Government would be 'stupid' not to cap private rents, says social housing boss

The Government would be “incomprehensibly stupid” not to consider capping rents in the private sector.

The remark was made by a leading figure in the social housing sector, and immediately pounced upon by a private landlord organisation.

David Orr, chief executive of the National Housing Federation, trade body for social landlords, told his organisation’s annual conference that private rents are close to a record high, but the Government was too frightened even to start a conversation about introducing rent controls.

The Residential Landlords Association said it was “surprised” that Orr had “failed to recognise that landlords in the private rented sector in the year between May 2012 and May 2013 oversaw rent increases well below inflation at just 1.3% (just 0.8% when London is taken out of the figures)”.

Speaking ahead of the Labour party conference at which the issue of rent controls will be considered at a fringe event organised by the RLA, chairman Alan Ward commented: “I am disappointed by David Orr’s refusal to accept basic housing economics.

“His calls for rent controls are based largely on a select few areas of London boroughs that have seen rents rise as a result of an acute housing shortage across all tenures.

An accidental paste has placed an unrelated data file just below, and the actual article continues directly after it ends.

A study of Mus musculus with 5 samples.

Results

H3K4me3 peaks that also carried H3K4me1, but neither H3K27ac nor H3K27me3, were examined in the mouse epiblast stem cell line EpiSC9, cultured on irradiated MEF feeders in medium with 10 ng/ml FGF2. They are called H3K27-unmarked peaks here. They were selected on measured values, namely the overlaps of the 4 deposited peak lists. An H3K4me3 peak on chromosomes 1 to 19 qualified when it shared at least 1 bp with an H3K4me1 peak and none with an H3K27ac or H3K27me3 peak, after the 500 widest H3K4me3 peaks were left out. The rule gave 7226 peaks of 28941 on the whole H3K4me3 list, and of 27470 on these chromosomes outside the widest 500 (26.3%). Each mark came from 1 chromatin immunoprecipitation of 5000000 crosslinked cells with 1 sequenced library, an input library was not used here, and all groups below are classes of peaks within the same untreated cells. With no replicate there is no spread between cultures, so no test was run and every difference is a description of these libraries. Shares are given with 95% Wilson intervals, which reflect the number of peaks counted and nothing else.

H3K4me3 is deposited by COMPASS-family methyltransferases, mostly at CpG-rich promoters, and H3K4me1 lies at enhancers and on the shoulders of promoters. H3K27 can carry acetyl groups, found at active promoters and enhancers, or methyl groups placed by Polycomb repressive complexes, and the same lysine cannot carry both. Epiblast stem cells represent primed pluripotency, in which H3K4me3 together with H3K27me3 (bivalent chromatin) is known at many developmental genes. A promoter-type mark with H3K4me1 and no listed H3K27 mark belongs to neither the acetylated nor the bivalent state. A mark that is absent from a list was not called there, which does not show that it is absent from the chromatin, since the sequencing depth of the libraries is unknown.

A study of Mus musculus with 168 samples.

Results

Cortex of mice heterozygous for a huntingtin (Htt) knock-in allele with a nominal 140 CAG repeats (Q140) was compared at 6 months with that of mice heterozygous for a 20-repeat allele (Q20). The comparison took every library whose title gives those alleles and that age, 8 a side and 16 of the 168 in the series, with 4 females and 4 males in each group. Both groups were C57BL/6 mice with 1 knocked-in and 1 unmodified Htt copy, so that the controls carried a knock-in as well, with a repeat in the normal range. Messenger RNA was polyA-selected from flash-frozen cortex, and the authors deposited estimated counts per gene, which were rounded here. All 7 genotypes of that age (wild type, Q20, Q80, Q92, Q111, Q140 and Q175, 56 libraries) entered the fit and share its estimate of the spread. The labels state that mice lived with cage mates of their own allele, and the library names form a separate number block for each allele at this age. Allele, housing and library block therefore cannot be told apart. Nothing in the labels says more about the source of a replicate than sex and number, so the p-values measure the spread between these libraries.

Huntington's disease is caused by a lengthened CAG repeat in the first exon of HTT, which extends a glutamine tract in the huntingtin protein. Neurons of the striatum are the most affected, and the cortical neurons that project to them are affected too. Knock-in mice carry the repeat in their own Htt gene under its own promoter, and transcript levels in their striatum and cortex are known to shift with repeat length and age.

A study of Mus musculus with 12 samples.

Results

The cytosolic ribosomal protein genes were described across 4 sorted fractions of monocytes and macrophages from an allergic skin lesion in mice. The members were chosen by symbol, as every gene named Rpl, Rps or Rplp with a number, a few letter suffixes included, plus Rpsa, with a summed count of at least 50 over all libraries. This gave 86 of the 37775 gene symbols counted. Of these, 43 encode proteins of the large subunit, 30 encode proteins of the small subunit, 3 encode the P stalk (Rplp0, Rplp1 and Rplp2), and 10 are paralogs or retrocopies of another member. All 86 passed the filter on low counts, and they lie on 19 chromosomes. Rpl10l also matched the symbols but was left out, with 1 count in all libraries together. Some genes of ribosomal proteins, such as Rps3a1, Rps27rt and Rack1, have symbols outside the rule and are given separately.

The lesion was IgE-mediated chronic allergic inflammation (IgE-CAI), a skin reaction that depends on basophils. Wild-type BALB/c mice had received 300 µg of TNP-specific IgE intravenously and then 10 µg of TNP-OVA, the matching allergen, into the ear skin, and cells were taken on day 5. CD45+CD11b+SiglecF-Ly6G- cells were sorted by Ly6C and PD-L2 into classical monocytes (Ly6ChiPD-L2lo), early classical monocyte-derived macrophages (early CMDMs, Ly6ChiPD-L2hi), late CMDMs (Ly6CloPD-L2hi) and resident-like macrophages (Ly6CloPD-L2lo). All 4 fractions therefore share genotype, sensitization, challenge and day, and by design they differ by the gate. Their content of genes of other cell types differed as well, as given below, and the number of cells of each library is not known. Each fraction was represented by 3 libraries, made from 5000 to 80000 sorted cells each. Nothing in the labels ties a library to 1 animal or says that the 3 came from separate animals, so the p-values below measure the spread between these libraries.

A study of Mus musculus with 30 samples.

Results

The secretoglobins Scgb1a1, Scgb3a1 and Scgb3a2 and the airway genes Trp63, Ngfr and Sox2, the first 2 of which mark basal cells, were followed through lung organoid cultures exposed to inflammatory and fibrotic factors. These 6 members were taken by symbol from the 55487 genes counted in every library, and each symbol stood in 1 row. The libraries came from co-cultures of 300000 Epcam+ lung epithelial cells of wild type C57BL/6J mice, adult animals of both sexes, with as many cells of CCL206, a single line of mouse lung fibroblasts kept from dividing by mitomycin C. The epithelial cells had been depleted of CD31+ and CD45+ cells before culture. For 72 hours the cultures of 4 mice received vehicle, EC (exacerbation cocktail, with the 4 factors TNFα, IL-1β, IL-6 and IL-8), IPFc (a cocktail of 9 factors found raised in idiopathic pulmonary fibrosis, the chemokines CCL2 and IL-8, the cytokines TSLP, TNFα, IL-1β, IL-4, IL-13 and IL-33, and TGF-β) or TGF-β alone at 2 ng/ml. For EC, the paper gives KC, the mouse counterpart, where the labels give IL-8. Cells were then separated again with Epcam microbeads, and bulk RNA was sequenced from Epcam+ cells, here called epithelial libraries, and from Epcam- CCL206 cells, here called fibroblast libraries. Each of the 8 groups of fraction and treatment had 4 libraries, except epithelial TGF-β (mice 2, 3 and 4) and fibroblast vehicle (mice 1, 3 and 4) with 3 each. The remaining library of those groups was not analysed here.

“Private sector landlords would no doubt be able to keep costs down if they too enjoyed the kind of public subsidies enjoyed by housing associations.

“Rent controls are the same as using a sticking plaster to treat the flu.

“The problem David Orr highlights is one of supply, which would be critically undermined by capping rents.”

Also in his speech, Orr called for the planning system to be given to officers and taken away from elected councillors who were often voted in on tiny minorities opposed to house building.

He said this brought them into a conflict between long-term planning goals and short-term politics.

He said planning should be visionary and that if officers became responsible for it, large-scale house building could get under way in many parts of the country.

Orr said such a move had a precedent: 30 years ago, council housing was allocated by councillors, a job now done by officers.